International Women’s Day 2023 – Remaining laser focused on gender

International Women's Day is celebrated annually on March 8th to recognise the achievements of women, raise awareness about discrimination, and to advocate for women's rights. It’s a chance to talk about the diverse experiences of women, and what we can do to ensure everyone is given what they need to succeed.

In keeping with that our CEO, Dr Audrey Aumua, has shared her thoughts on why we need to remain laser focussed on gender, especially in eye health, where women and girls bear the brunt of vision loss.

In every region of the world, females are more likely than males to experience blindness and vision impairment. To address this, here are five key areas Dr Aumua says we should consider.

Making eye care services accessible.

This means adapting our eye care services to suit the needs of the people we are trying to reach. In the Pacific, where women often live in remote or rural areas and may not have the financial means to travel, we bring eye care to them through our outreach programs. Women in the Pacific are also more likely to be illiterate, so we opt to use illustrated vision charts instead of alphabetical.

This simple example shows how small adaptations can change eye health service access and therefore visual outcomes. If we seek to better understand women’s realities, we can better design health services to cater for all women.

A nurse conducting an eye test using an illustrated eye chart in Daru, PNG.
A nurse conducting an eye test using an illustrated eye chart in Daru, PNG.

Integrating health systems.

Delivering eye care can't be done in isolation, which is why a key focus of our work is to help strengthen local health systems.

A key area of focus for us is working with health partners to better integrate eye care into primary health care and broader health services, including cervical screening and antenatal care, so that women can access multiple services with one visit. We know that this approach works given that many of the women we are trying to reach do not access health services except during their reproductive years.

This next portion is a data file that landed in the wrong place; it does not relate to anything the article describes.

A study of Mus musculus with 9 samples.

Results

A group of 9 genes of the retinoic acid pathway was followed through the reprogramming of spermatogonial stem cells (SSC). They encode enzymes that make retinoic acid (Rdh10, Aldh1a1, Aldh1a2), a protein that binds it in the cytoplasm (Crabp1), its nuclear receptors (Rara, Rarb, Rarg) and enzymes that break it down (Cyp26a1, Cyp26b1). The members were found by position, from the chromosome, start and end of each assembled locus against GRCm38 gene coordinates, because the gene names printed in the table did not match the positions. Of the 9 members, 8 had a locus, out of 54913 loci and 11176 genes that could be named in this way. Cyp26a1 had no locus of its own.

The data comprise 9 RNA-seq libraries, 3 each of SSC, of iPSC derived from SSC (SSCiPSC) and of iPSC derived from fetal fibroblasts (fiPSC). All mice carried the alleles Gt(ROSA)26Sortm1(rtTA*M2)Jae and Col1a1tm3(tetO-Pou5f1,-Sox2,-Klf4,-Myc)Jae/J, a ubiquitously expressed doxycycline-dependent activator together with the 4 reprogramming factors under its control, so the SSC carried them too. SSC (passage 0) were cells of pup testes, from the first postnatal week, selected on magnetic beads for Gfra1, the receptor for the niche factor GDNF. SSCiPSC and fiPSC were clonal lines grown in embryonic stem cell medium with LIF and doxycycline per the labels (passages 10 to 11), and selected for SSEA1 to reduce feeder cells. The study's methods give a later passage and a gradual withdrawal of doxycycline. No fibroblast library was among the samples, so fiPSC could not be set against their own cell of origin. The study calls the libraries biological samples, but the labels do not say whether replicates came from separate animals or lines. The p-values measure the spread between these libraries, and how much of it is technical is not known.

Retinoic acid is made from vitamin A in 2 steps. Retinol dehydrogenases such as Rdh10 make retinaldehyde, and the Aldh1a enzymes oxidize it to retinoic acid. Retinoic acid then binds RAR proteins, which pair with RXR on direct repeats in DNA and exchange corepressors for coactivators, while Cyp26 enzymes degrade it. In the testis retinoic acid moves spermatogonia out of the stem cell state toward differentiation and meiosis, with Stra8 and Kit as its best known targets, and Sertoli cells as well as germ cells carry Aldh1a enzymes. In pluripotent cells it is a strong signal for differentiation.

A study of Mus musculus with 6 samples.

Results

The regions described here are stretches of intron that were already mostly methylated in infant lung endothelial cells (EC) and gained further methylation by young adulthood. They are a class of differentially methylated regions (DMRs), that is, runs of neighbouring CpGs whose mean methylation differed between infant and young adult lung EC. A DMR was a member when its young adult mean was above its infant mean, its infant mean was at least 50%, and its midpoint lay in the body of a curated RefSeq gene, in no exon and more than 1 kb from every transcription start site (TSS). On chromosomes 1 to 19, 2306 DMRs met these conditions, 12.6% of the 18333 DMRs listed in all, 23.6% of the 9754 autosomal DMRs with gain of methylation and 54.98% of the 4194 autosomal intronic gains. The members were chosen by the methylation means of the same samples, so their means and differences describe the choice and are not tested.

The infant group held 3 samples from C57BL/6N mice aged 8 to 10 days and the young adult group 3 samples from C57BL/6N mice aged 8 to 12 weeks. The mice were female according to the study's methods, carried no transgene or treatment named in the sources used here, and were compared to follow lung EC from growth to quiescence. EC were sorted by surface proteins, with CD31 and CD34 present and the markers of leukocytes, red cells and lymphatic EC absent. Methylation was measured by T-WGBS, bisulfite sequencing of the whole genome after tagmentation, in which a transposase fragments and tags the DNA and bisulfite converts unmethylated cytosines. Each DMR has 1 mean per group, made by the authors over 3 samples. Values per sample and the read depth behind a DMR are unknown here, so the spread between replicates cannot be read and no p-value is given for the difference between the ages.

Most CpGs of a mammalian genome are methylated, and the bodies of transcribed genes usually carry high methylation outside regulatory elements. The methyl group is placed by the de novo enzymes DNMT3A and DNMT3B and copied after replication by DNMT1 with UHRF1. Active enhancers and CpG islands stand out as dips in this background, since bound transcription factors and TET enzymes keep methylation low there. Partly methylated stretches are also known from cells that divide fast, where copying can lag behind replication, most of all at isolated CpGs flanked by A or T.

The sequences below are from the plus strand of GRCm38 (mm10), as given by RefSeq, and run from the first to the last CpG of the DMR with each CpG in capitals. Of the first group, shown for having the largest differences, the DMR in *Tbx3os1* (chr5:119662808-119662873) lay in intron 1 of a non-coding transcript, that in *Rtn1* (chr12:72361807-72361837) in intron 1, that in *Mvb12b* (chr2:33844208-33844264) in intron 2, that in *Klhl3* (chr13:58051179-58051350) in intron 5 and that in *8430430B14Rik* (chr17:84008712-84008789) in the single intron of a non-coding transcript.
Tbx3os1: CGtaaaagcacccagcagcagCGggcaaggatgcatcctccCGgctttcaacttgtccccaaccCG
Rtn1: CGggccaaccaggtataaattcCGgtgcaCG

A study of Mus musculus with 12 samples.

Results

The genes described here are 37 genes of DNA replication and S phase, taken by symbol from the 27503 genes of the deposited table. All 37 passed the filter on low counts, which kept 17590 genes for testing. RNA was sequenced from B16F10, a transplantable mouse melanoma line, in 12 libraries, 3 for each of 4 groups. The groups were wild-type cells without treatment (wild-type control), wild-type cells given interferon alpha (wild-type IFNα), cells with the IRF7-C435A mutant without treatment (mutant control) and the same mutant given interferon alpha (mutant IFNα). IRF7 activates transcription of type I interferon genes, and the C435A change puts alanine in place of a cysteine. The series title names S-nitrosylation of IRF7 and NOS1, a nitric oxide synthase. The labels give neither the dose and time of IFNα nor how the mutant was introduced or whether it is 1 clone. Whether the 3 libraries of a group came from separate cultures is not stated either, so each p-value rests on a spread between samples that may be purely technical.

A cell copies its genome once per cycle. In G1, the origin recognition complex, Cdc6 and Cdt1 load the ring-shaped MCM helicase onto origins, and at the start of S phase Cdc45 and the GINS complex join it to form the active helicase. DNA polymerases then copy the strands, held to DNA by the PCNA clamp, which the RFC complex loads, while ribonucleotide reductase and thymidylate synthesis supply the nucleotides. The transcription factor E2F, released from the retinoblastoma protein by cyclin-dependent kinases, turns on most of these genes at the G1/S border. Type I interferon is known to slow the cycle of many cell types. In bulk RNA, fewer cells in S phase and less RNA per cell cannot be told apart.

Prioritising education.

One of the most important initiatives we are involved in is supporting women into tertiary education.

Almost two thirds of our 327 scholarship recipients who have graduated have been women – a truly fantastic achievement given the significant tertiary educational gender divide in the region. We know that undertaking intensive training whilst caring for children is difficult, particularly when you have to train in a different country, so we offer support for mothers and families. We also work to deliver clinical support and mentoring to the workforce remotely.”

Supporting women in the workforce.

Women are underrepresented in health decision-making roles, which has a clear impact on women’s uptake and experience of health services.

At The Foundation, we have a dedicated focus on women’s career pathways, and investing in their professional development opportunities, so they can reach those leadership roles and have a say in the management and design of health services.

Taking immediate action.

With non-communicable diseases, such as cardiovascular disease, cancers, and diabetes, becoming the paramount health concern in the Pacific, the time to invest in eye health is today”.

Good health is imperative for economic growth and sustainable development. To ensure our communities are resilient against the shifting environment, we must take action to build capability now. This begins with investing in women and girls, which will in turn benefit their communities, health systems, and the economy.